On a recent whirlwind tour of Asian capitals, peripatetic U.S. Deputy Treasury Secretary Larry Summers offered some advice on how to cure the region’s economic ills. Despite his stature as an economist, he sounded more like a politician spouting protectionist platitudes. Implicit in his commentary was concern over Asian economies’ growing trade surpluses with the United States, especially in steel and semiconductors. Using the specter of revised Super 301 legislation, which would impose sanctions against countries deemed to be engaged in “unfair trading” practices, Summers encouraged reliance on macroeconomic stimulation rather than on an export-led revival.
Care should be taken, however, in interpreting Summers’ remarks on the advisability of fiscal stimulus and expansionary monetary policy. It should be noted that he was not among the few economists who anticipated the Asian crises. His credibility as a dispenser of cures for these crises is surely undermined by the fact that he did not see the underlying problems that caused them.
While he is right to see that the basic issue is promoting growth in the domestic sector of a nation’s economy, there are several ways to approach this. On the one hand, the long-term view focuses upon the restructuring of banks and businesses while restoring purchasing power to households and businesses through deep tax cuts.
On the other hand, the short-term view relies on tools derived from Keynesian economic theory that include monetary stimulation and expanded public spending. In promoting the latter view, Summers’ proposed cures appear to be based on a misdiagnosis of the problem.
This error is most vivid in the case of Japan. Summers’ pleas to Japanese authorities to undertake sustained fiscal stimulus and massive money creation to encourage spending ignore recent experience. Over the past eight years, Japanese interest rates have been kept at historical lows, and nearly $1 trillion of taxpayers’ money has been squandered in stimulus packages. Yet neither policy has come close to halting the rot in the country’s domestic economy.
Now Japan faces the frightening prospect of a continuing deflationary cycle. But the sustained drop in prices is a symptom of other fundamental problems in its domestic economy. While it is true that domestic spending is insufficient, Keynesian tinkering cannot cure Japan’s economic ills. The basic problem is that the current structures and objective conditions provide little impetus for new spending by either households or businesses.
In the case of households, Japanese would not spend more even if money were thrown out of airplanes for that very purpose, possibly not even if a gun were put to their collective heads.
First, demographics work against higher household consumption. Japanese are becoming older, on average, and they are living longer. A graying population saves more by consuming less. To aggravate matters, doubts about the viability of pension funds add to the pressure to save more.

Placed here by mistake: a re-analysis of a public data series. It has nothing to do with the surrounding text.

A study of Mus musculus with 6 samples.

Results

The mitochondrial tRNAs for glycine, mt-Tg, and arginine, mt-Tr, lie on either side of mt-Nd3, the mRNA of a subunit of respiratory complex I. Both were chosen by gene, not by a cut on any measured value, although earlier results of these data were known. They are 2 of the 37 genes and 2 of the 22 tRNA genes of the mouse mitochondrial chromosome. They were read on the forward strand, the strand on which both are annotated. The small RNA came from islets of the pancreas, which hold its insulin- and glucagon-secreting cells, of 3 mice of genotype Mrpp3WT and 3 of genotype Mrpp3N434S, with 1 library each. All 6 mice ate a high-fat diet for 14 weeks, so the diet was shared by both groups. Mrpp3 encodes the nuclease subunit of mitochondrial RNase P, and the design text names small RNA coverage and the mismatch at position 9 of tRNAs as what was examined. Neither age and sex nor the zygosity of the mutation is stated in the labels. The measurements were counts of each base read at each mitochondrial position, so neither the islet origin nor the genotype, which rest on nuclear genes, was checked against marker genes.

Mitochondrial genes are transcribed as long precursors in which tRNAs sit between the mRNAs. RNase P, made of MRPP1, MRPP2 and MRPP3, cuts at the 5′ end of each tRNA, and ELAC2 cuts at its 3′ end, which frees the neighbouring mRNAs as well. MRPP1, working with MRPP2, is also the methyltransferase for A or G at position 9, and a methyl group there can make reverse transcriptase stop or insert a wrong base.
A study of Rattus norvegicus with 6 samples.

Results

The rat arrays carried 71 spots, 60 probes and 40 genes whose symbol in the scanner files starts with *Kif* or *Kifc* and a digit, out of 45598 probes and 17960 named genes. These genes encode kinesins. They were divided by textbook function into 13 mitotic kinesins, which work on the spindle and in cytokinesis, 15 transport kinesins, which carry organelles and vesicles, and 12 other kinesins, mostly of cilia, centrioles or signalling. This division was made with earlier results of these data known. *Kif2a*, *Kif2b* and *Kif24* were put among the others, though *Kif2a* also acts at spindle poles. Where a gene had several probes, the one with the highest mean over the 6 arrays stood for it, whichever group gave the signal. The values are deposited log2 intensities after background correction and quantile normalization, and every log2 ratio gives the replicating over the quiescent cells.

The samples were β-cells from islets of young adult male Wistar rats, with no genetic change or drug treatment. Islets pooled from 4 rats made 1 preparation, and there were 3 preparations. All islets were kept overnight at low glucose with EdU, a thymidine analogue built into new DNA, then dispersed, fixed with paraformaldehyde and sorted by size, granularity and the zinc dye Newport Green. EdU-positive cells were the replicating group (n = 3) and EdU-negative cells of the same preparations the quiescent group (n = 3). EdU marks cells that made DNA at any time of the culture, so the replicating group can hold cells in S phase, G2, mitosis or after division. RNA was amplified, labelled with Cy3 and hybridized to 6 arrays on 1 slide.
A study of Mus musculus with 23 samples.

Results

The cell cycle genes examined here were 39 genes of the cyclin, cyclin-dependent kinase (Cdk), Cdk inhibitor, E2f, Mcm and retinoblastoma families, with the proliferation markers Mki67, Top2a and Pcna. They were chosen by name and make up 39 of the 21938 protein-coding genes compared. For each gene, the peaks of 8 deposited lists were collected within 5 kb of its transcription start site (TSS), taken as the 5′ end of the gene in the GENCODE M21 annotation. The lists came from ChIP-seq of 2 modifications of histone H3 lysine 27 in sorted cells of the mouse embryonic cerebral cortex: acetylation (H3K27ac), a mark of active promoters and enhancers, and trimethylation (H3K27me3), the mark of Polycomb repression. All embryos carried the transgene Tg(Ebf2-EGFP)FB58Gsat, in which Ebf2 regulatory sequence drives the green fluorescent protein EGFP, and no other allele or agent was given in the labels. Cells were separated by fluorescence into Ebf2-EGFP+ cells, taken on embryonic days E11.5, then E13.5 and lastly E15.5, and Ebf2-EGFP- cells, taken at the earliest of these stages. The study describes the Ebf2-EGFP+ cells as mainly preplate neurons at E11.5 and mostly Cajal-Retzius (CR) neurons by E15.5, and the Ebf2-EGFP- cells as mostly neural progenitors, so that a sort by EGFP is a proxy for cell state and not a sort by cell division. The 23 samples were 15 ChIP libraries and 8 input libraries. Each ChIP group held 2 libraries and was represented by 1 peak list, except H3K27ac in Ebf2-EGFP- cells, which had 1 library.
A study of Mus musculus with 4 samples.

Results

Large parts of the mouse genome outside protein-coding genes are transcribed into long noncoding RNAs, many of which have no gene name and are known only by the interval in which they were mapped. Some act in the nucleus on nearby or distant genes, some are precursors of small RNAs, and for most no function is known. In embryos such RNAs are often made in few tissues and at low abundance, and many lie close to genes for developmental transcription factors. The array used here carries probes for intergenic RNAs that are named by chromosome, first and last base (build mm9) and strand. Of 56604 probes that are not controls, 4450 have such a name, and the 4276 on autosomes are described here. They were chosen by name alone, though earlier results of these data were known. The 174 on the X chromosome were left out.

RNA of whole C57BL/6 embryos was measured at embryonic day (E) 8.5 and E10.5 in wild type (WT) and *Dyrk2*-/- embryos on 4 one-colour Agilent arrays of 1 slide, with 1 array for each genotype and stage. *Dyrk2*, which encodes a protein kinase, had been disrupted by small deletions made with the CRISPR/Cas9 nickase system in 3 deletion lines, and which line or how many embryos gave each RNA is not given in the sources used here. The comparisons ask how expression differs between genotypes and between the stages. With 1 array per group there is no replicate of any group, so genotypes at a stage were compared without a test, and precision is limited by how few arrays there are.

Second, those who are currently employed are insecure about their jobs. This inspires them to save. And young people today face a higher likelihood of either not finding a job or finding a job that pays less. So they cannot contribute to a rise in consumption spending, either.
Third, taxpayers know they face an enormous bill for the costs of recapitalizing banks or to pay off earlier or future rounds of pump-priming. Their rational reaction to an expected burden of higher future taxes is to save more today. (Economists refer to this as “Richardian equivalence.”)
Japanese businesses, meanwhile, cannot spend. Many already have excess capacity and face heavy debt burdens. Absent a rise in household spending, there is no incentive for additional business investment or new hiring.
One remedy ignored by Summers is the remedial effect of cutting taxes. By undertaking radical reforms of its tax structure, perhaps introducing a flat tax, Japanese households and businesses would gain greater control over their future earnings. This would induce them to spend more today. Printing more yen or throwing more government spending at the economy will not.
Unfortunately, putting earned income back into the hands of consumers and investors is only one step toward a sustainable economic recovery. There must also be a corrective restructuring of banks and commercial establishments so that they operate along lines dictated by economic and commercial logic, rather than by bureaucrats and politicians in concert with dominant conglomerates. The key to future growth in the global economy is unleashing creative young entrepreneurs who can produce wealth and jobs by starting up small and medium-size enterprises.
So Summers is half-right: Japan and its troubled neighbors ought to put their macroeconomic houses in order. But the key is for them to fundamentally change the nature of their governments’ involvement in their respective economies. They should not pursue old nostrums that have been tried — and have failed miserably.